Representatives from UCLA’s School of Public Health, the David Geffen School of Medicine, Charles Drew University of Medicine and Science, and other groups joined AIDS Healthcare Foundation and other public health interest groups to explore the alarming rise of syphilis in Los Angeles County on Wednesday morning during the first installment of the ‘Health in LA’ series of public hearings.
The hearing, which was attended by UCLA students and faculty as well as the press and public health representatives, began with two expert presentations on syphilis. The first was by Dr. Cynthia Davis of the Charles Drew Health Center, who has over 25 years of experience working with underserved communities in South Los Angeles and is on the AHF Board of Directors. Dr. Gary Richwald, former director of the Los Angeles County STD Program through the County’s Department of Public Health, then discussed the epidemiology of the disease in LA County, where syphilis rates increased by 25% from 2010 to 2011.
Moderator Jeff Klausner, MD, MPH (Professor of Medicine and Public Health, Division of Infectious Diseases, Center for World Health and Department of Epidemiology, UCLA-David Geffen School of Medicine and Fielding School of Public Health) then led a vibrant discussion which included comments from Hearing Officers Paula Tavrow, PhD, Marjan Javanbakht, PhD, and Peter Kerndt, MD, all professors in the UCLA Fielding School of Public Health, as well as AHF President Michael Weinstein, Los Angeles Gay and Lesbian Center Director Dr. Robert Bolan, Senior Director of AHF Public Health Division Whitney Engeran-Cordova, Executive Director of In The Meantime Men Jeffrey King, and Jorge Montoya, formerly of the LA County Department of Public Health.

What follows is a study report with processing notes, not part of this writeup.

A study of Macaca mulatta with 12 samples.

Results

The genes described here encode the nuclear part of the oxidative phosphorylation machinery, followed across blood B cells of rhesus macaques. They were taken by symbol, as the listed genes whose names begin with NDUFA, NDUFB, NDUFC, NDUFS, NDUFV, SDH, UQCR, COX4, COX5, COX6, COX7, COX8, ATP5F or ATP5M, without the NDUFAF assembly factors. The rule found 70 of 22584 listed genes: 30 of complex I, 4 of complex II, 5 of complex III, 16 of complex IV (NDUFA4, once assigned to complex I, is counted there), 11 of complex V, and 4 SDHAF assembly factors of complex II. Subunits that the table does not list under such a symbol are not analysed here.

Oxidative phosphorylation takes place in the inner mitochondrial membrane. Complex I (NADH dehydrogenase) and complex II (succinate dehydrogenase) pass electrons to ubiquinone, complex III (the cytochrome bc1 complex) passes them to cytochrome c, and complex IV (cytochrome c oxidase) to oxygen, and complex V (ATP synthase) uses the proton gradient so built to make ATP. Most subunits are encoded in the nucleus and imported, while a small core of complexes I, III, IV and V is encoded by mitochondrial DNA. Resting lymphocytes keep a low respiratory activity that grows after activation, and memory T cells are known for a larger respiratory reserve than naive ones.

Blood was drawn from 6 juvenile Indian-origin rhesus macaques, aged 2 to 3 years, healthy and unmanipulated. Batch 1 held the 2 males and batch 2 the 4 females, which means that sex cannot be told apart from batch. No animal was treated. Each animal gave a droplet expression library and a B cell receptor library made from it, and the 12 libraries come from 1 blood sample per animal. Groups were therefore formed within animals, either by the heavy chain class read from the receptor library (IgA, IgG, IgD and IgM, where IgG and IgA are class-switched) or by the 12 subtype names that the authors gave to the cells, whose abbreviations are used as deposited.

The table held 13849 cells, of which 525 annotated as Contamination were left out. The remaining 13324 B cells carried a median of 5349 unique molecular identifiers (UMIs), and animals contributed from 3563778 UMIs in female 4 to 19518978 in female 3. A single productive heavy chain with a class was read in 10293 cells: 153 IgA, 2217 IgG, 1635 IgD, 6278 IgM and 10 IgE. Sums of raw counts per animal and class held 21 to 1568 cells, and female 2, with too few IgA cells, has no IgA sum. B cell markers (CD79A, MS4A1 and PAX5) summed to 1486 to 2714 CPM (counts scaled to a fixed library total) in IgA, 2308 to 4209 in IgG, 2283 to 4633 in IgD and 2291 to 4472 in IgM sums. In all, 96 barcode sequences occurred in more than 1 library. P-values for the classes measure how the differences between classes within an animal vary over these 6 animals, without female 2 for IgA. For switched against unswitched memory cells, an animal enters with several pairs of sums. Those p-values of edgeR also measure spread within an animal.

Much of the dialogue focused on a lack of leadership and initiative in the LA County Department of Public Health, a cause AHF has hoped to curb through encouraging the creation of a smaller, separate Public Health Department exclusively for the City of Los Angeles.
“Where is the leadership? What are we doing now to address syphilis? How will we look back on everything we did and allow syphilis to be on the rise again? I feel a little beaten down because even to get it down to the levels we saw in 2008 took so much work, so much energy by multiple people, and I feel like the leadership…has failed to continue to be vigilant, diligent, and leading us forward…to address this issue,” Montoya said in his comments. “For shame.”